Two businessmen included
in a land deal investigation also
pleaded not guilty today
Lindsey defense continuesBy Rick Daysog
Bishop Estate trustee Henry Peters this morning pleaded not guilty to a criminal theft charge relating to an alleged kickback scheme involving estate land.
Peters appeared at his arraignment at Circuit Court with local businessmen Jeffrey Stone and Leighton Mau, who also pleaded not guilty to related criminal indictments.
Each faces 10 years in jail if convicted.
Peters' lawyer Renee Yuen said she plans to appeal a Wednesday decision by Circuit Judge Michael Town to uphold the criminal charges. Peters declined comment as he left the court.
"As to the indictment, Mr. Peters is absolutely not guilty," Yuen said.
Said Mau's attorney Brook Hart, "This is a big case, we have many documents, and it is a complex case."
Town tentatively set trial for the week of Jan. 17. The trial is expected to run six to eight weeks.
Today's arraignment and pleas come three months after a 16-member Oahu grand jury convened by Attorney General Margery Bronster voted to indict Peters on a criminal theft charge relating to a Hawaii Kai land deal.
The Nov. 25 indictment said Stone bought Peters' Makiki condominium for $192,000 more than it was worth in exchange for preferential treatment when Stone and his partners acquired the estate's fee interest to the 229-unit Kalele Kai complex.
The grand jury indicted Stone, a brother-in-law of Bishop Estate trustee Richard "Dickie" Wong, for conspiracy, commercial bribery and serving as an accomplice to a theft. Mau was charged for conspiracy and for serving as an accomplice.
All three have denied wrongdoing. Wednesday, they lost their bid to have the indictments dismissed on the grounds Bronster lacks the primary legal authority to conduct criminal prosecutions.
They also alleged she has a conflict of interest in serving as law enforcement officer and the estate's legal guardian.
Lindseys role in
costly deal examined
Two Bishop trustees say she wasBy Rick Daysog
improperly involved in the
failed $5 million project
A top Bishop Estate executive testified about a failed $5 million investment in a distance-learning system allegedly backed by trustee Lokelani Lindsey.
Rodney Park, director of the trust's administration groups, said the estate last year pulled the plug on its controversial purchase of computer hardware and software from Arizona-based Educational Management Group Inc.
In testimony in the removal trial of Lindsey yesterday, Park said the estate's in-house computer staff has since developed a cheaper educational technology system for Kamehameha Schools students.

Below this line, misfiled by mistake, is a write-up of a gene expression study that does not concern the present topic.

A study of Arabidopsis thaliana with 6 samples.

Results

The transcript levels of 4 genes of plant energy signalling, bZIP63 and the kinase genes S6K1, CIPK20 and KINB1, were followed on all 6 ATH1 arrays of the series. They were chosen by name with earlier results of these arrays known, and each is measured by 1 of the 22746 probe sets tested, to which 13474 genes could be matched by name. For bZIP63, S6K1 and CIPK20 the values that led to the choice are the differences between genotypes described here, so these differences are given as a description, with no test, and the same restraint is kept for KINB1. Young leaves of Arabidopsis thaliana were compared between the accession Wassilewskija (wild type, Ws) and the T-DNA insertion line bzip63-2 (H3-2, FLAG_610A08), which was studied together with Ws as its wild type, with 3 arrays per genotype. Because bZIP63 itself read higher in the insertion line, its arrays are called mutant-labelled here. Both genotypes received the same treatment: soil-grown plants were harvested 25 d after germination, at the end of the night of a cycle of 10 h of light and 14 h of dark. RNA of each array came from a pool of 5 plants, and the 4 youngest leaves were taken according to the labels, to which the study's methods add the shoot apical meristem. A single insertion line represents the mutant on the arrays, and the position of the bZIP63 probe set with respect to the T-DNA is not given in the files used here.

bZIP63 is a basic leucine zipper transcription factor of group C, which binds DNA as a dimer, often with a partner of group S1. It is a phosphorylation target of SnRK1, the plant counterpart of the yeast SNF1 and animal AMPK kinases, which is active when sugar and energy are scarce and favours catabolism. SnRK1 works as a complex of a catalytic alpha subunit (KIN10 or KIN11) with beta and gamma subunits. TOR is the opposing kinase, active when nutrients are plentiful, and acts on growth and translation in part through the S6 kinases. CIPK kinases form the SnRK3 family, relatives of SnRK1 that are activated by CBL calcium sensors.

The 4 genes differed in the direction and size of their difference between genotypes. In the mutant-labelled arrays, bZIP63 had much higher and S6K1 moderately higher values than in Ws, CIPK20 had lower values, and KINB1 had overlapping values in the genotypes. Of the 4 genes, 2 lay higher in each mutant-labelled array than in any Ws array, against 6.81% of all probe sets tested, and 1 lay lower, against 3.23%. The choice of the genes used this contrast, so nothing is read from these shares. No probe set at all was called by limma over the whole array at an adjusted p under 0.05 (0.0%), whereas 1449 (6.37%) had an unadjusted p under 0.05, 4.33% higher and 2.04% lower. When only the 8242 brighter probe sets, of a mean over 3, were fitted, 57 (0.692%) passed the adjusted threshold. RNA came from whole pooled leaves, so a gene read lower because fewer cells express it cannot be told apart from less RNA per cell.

"It was not necessarily a bad deal. I may have used those words," said Park, referring to the EMG purchase. "But I think what I really meant and should have said was it was a premium we paid to kick-start technology in the classroom."
The EMG system, which included some 22 work stations, attempted to link Kamehameha School's classrooms with mainland education experts through a satellite hookup. But teachers have criticized the system as ineffective for high school students, and other faculty members found it difficult to reach mainland experts given Hawaii's time differences.
The project, initiated in 1993, was shelved last December.
Bishop Estate trustees Oswald Stender and Gerard Jervis blame Lindsey for the fiasco, saying she initiated the costly EMG purchase despite internal staff recommendations that it would be cheaper for the estate to develop its own system.
They argue that Lindsey and her husband received free airfare on a jet chartered by EMG to the 1997 Super Bowl game in New Orleans.
Lindsey, meanwhile, has said she took no part in the EMG negotiations and has since repaid the company for the New Orleans flight.
Park yesterday said he, and not Lindsey, negotiated the EMG purchase. Park also noted that Kamehameha Schools President Michael Chun and school Vice President Rockne Freitas were big backers of the project.
But under cross-examination from Stender's lawyer Doug Ing, Park acknowledged that he sent memos to Lindsey to keep her informed about the progress of the EMG purchase. One memo included a handwritten note from Lindsey indicating that she approved of the purchase.
But Park said he was not asking for Lindsey's formal permission; he was sounding her out for any concerns she may have. The executive said he sent no such memos to the other four trustees of the Bishop Estate.